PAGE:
The debate about peak oil demand always tends to focus on how quickly electric vehicles will replace the internal-combustion engine, especially as EV sales are accelerating. However, the petrochemical sector will be much more difficult to dislodge, and with alternatives far behind, petrochemicals will account for an increasing share of crude oil demand growth in the years ahead.
Petrochemicals don’t receive much attention in the media, but its fingerprints are everywhere. They are used in plastics, fertilizers, packaging, clothing, dyes, cleaning products, cosmetics, medicines, tires – a seemingly limitless number of end-uses. They are so ingrained and embedded into modern life that they are almost unnoticeable.
Producing the zillions of consumer and industrial products coming from petrochemicals requires huge volumes of feedstocks. Needless to say, as the name suggests, the feedstocks are derived from petroleum – oil and gas. Moreover, demand for petrochemicals is soaring, as hundreds of millions of people in emerging markets move into the middle class.
A new report from the International Energy Agency positions the petrochemical industry as one of the driving forces behind oil demand growth for the next few decades. “The growing role of petrochemicals is one of the key ‘blind spots’ in the global energy debate,” the IEA wrote. “The diversity and complexity of this sector means that petrochemicals receive less attention than other sectors, despite their rising importance.”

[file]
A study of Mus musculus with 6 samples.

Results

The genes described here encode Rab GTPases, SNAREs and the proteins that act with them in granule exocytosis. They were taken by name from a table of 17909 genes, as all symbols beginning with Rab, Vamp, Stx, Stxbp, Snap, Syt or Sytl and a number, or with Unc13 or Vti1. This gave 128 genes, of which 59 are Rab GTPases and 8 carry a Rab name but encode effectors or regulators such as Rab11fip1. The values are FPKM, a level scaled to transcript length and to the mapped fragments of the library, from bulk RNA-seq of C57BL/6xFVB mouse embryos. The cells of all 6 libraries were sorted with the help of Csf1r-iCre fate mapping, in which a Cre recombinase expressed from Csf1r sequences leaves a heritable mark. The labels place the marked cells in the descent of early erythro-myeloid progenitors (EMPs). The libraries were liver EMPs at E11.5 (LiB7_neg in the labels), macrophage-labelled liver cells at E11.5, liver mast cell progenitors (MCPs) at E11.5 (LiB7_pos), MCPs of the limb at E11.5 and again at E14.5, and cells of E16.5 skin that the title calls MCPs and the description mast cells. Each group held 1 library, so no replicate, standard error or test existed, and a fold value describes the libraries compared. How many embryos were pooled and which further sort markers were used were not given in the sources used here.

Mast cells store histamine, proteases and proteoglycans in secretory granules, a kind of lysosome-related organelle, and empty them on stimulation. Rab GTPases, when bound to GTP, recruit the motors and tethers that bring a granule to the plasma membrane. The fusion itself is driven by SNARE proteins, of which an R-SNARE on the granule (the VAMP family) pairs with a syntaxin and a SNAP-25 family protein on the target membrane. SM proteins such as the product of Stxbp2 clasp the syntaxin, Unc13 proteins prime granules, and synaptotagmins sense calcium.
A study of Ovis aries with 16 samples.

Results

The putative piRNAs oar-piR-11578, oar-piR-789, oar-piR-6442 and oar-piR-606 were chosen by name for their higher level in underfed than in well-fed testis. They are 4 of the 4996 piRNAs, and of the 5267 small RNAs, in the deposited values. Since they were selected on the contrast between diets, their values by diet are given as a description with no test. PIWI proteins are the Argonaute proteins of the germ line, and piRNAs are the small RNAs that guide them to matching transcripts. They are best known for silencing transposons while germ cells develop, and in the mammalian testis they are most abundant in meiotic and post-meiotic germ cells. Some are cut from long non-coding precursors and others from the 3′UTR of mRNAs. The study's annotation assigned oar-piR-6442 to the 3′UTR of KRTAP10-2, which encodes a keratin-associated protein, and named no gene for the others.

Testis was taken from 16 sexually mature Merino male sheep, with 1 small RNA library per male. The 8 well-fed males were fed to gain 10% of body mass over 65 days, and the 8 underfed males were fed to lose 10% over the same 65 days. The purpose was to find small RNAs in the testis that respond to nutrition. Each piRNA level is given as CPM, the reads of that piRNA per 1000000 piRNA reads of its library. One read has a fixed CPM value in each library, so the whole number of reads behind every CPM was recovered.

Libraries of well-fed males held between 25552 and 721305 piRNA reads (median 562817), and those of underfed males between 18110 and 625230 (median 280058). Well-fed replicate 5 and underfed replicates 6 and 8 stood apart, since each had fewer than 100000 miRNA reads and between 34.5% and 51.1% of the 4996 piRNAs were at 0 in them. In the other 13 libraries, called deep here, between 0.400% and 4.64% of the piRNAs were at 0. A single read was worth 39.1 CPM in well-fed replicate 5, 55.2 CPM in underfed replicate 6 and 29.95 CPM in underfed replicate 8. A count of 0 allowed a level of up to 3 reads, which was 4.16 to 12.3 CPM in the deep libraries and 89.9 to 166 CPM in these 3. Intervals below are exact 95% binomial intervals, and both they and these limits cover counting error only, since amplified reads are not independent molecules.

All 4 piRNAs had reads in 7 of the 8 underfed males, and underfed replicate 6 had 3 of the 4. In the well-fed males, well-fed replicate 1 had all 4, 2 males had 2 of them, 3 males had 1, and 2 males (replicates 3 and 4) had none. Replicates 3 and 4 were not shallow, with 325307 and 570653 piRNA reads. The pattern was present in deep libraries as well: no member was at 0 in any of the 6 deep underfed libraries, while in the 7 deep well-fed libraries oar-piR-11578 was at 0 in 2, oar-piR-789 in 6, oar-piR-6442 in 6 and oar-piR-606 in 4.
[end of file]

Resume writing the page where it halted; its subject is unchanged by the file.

The IEA says that the petrochemical sector could account for more than a third of oil demand growth to 2030, and nearly half to 2050, “ahead of trucks, aviation and shipping.” Passenger vehicles are currently a major source of oil demand, but they will “diminish in importance thanks to a combination of better fuel economy, rising public transit, alternative fuels, and electrification.”
But petrochemicals are much more interwoven into modern life, and the alternatives are far less developed.